It’s final. I am naturalized citizen of the United States of America. I am an American – a Korean-American to be specific.
We filed in after having our identities checked against records and confirmed twice and then giving up our green cards. I wish federal law allowed me to snap a photo but we were in the foyer and not in the auditorium. There was something beautiful and poignant in that stack of green cards – so many stories to be told.
The ceremony was a mix of corny and genuine. The couple in front of me held hands and glanced several times at their 8-year-old-ish daughter who was presumably American-born and their photographer for the day. The couple and the woman to my right shed a few tears as 121 of us stood up as the names of the 44 countries we represented were called out. Lucky for them I always carry kleenex.
The immigration officer spoke about the sacrifices immigrants through the generations have made to make this country their adopted home – leaving behind lives to start anew, sometimes leaving behind everything for nothing more than hope.
My mind wandered a bit because I was eight months old when I left Seoul. I’m not sure what I left behind. The only story that tugs at my heart is that of my great-grandmother wandering the neighborhood, calling out for me long after we had left the country. I left her behind, and we never knew each other long enough to perhaps say a proper goodbye.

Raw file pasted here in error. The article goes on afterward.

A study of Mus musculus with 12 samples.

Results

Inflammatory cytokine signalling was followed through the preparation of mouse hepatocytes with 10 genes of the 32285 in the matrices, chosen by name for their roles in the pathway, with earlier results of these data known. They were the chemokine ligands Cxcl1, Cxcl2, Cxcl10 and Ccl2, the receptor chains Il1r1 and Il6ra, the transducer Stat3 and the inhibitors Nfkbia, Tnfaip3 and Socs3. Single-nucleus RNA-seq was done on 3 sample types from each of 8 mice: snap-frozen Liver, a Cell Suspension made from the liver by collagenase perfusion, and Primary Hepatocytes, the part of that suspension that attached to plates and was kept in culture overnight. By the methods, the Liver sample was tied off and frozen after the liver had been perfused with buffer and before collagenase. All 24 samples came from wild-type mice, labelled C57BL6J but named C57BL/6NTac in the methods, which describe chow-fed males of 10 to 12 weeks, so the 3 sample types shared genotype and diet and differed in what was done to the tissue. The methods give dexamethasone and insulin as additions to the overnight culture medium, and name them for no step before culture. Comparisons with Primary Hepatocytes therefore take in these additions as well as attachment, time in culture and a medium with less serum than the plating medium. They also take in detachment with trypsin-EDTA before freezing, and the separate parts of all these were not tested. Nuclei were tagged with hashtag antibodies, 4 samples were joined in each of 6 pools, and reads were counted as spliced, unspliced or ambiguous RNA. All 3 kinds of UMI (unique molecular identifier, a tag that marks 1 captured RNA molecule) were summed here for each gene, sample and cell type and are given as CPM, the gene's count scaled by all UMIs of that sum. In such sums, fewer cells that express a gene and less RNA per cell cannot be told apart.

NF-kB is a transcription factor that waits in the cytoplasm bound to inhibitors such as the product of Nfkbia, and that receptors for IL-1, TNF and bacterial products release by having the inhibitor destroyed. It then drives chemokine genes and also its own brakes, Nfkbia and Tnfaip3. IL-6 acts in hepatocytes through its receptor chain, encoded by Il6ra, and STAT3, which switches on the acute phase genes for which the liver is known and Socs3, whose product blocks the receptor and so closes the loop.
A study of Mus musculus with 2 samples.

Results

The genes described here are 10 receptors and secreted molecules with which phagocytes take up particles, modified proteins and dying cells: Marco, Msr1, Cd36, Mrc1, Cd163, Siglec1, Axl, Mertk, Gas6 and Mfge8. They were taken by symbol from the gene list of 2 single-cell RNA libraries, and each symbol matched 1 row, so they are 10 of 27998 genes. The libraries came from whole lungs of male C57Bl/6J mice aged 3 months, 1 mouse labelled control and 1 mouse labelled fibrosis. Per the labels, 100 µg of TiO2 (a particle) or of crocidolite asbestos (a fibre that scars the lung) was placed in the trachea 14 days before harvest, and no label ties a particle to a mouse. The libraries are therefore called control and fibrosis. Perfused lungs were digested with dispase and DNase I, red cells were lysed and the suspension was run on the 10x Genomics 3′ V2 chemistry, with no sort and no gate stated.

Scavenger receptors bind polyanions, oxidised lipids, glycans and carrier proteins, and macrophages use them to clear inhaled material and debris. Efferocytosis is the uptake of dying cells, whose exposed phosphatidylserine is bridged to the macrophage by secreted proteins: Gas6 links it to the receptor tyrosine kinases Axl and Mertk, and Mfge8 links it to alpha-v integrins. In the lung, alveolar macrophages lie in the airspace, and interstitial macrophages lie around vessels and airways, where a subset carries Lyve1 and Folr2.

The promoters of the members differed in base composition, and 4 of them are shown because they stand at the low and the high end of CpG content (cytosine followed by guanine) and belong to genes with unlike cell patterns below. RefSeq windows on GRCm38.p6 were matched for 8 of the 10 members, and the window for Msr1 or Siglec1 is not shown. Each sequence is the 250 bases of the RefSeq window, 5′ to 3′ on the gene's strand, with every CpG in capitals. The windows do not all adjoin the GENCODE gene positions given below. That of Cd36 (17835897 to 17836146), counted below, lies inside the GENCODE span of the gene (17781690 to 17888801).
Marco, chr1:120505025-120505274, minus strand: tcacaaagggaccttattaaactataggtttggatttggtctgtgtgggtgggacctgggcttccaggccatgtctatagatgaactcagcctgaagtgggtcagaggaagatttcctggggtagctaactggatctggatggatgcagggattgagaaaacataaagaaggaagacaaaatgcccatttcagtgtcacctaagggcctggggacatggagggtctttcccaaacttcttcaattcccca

The ceremony also included recognizing the men and women currently serving in the armed forces, including the story of one man who was commended for his bravery and service in the Viet Nam War. Even before he was an American he fought for America.
Honestly, the well-scripted ceremony had me ready to pull out the kleenex for myself and then they played a music video complete with karaoke style lyrics of “I’m Proud to Be An American” on the three large screens. My apologies to those of you who love that song. Personally, it makes me cringe. The song rings a bit jingoistic, and if you’re going to showcase a song to welcome Americans let’s showcase the very best of what America has to offer. Or at the very least, play the national anthem recorded by a quality vocalist and orchestration. Ugh.
And before I knew it we were free to linger, take pictures by the stage or downstairs in the foyer between the two flags, and leave the building as Americans. The security officer who had so humorously helped me and Peter through the security check-point congratulated me. We rushed off to pick up the kids from school after an equally rushed celebratory lunch – Portillo’s Chicago-style hot dogs.
As for my choice of proper attire, I dressed up. I paid way too much money to not take this day as a reason to dress up – a little black dress with a beautiful emerald green silk coat of my mother’s. She once told me that she had taken the fabric given to her by her in-laws as part of their wedding gift to her to have party dresses and matching coats made. She had imagined her life in America being full of parties and celebrations, but the dresses hung in her closet, dusty and unused.
I thought it appropriate that on the day I said goodbye to my green card I would wear my mother’s unused green party clothes to celebrate. Thank you, Mom and Dad for giving me your dreams, and thanks to all of you who joined me on this journey.